The Navy seems to have hit rough seas in recent years, repeatedly canning command officers who have fallen short on the job. To the Navy’s credit, it announces these ousters more loudly and clearly than the other services. But Admiral Jonathan Greenert, who as the chief of naval operations is the service’s top officer, has had it. Last week he issued new, service-wide rules on how the Navy selects its commanding officers.
Ten C.O.s have been fired so far this year. At least seven have been booted for improper personnel relationships since 2010, including the skipper of the USS Cowpens, who himself was tapped to command that vessel after his predecessor was fired for “cruelty and maltreatment” of her crew. “This program puts rigor back into the qualifications and requirements needed so we have our best leaders in command,” Vice Admiral Richard Hunt, commander of Naval Surface Forces said in a Navy summary of the change, suggesting such rigor recently has been MIA.
The new guidance is dry reading, full of sea-going jargon and personnel-office lingo. But it sets one bar for all Navy personnel to clear, and no longer leaves the bar-setting to the individual aviation, surface-warfare and submarine communities.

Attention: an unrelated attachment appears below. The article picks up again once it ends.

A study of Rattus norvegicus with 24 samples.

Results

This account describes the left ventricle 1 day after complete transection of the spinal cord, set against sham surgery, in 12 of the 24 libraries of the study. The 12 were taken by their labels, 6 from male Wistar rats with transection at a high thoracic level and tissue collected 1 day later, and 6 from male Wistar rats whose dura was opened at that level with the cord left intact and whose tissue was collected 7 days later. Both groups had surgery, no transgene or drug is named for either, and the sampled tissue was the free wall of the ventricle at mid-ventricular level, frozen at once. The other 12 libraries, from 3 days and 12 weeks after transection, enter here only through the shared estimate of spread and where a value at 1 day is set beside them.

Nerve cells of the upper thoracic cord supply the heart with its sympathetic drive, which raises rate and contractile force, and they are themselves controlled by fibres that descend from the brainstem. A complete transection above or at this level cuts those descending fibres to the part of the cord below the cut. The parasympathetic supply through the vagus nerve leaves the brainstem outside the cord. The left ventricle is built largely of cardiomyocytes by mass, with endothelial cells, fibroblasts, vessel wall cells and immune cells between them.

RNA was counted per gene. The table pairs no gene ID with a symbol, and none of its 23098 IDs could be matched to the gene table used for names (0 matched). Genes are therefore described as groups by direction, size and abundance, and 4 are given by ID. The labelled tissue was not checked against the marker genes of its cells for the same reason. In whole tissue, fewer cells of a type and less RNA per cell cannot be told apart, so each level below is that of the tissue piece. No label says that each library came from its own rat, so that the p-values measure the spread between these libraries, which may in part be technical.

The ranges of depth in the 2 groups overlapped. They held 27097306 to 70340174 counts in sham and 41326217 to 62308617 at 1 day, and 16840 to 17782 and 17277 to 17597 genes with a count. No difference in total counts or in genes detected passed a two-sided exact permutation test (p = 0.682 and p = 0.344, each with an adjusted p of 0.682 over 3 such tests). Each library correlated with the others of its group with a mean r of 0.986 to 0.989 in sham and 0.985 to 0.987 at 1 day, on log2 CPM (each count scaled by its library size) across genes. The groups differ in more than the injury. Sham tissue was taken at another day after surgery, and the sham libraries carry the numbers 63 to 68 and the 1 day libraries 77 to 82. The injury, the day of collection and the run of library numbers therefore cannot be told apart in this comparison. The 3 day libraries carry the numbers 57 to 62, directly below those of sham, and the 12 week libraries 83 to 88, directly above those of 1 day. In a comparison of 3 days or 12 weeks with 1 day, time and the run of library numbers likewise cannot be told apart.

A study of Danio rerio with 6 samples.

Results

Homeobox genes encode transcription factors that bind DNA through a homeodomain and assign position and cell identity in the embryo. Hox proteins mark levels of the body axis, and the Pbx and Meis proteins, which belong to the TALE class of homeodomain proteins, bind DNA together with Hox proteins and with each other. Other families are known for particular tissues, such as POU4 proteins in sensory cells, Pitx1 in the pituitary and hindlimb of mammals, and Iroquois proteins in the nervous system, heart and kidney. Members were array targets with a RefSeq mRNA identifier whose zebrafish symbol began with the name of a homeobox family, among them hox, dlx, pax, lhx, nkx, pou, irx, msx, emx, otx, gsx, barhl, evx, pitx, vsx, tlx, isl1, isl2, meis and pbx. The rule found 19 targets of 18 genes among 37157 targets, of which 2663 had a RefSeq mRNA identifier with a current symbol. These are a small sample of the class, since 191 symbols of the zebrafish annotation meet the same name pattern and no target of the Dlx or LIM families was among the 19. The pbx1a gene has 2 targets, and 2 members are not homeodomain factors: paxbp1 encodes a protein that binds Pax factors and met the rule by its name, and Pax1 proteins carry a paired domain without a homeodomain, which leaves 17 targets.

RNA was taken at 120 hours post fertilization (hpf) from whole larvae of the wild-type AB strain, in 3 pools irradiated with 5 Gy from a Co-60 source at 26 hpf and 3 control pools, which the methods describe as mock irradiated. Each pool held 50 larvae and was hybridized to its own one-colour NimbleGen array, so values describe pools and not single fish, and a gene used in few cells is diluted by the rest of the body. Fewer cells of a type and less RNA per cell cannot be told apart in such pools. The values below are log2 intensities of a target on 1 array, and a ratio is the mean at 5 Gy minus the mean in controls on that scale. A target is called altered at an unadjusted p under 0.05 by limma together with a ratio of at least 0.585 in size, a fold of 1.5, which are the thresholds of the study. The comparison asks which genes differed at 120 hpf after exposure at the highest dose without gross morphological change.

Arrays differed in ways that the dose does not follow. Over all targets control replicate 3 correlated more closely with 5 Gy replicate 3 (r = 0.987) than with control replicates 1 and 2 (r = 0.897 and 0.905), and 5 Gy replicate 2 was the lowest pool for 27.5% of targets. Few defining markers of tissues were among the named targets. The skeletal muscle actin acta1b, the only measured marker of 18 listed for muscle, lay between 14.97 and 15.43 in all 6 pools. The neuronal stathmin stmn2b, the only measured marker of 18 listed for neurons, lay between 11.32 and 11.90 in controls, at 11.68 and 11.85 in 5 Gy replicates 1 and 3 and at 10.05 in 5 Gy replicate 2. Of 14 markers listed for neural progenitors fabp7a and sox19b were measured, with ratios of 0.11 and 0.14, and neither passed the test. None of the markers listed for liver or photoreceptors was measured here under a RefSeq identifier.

“This program will strengthen the caliber of our leaders and provide for a more ready, capable fleet by ensuring we select the right people for command by adhering to clear, consistent professional qualification standards,” said Admiral John Harvey, commander of U.S. Fleet Forces. “This process recognizes each community’s unique professional standards, while reinforcing the necessarily high expectations we hold for those in command Navy-wide.”
Greenert discussed the challenges associated with commanding a naval vessel over breakfast in March, and stressed the need that prospective skippers be properly screened:
It is our view that the American people deserve commanding officers who are accountable, who are up to speed and meet the standards for leadership and behavior and character. Of the 1,500 that we have out there occasionally we have some that need to be replaced. They don’t meet the mark in that regard…It is a privilege to lead in command. Our folks who are in command in the Navy have a unique privilege, especially those afloat. So sometimes, of the 1% approximately that we do have to relieve, there is no one specific issue that we’re finding. It varies.
It’s important to me that we continue to look into the issues that can sometimes come up as people fail to meet the mark, if you will, and that we continue to work with our pipeline. So it’s important to me that our folks are screened properly, they have the opportunity to develop their character, learn how to deal with stress in addition to seamanship, understand the standards of behavior as they grow up through officers and we’ll continue that…
I don’t view changing standards as an option. I am satisfied with our standards and our training for leadership, for seamanship and tactics, and again, one of the things I’m focusing on is that our kids have the opportunity to develop their character. As an officer goes through being a junior officer where you’re flying, you’re on the bridge, you’re learning the propulsion plant, then you go to the department head where you lead a bigger group. Different kind of stress, different kind of challenges.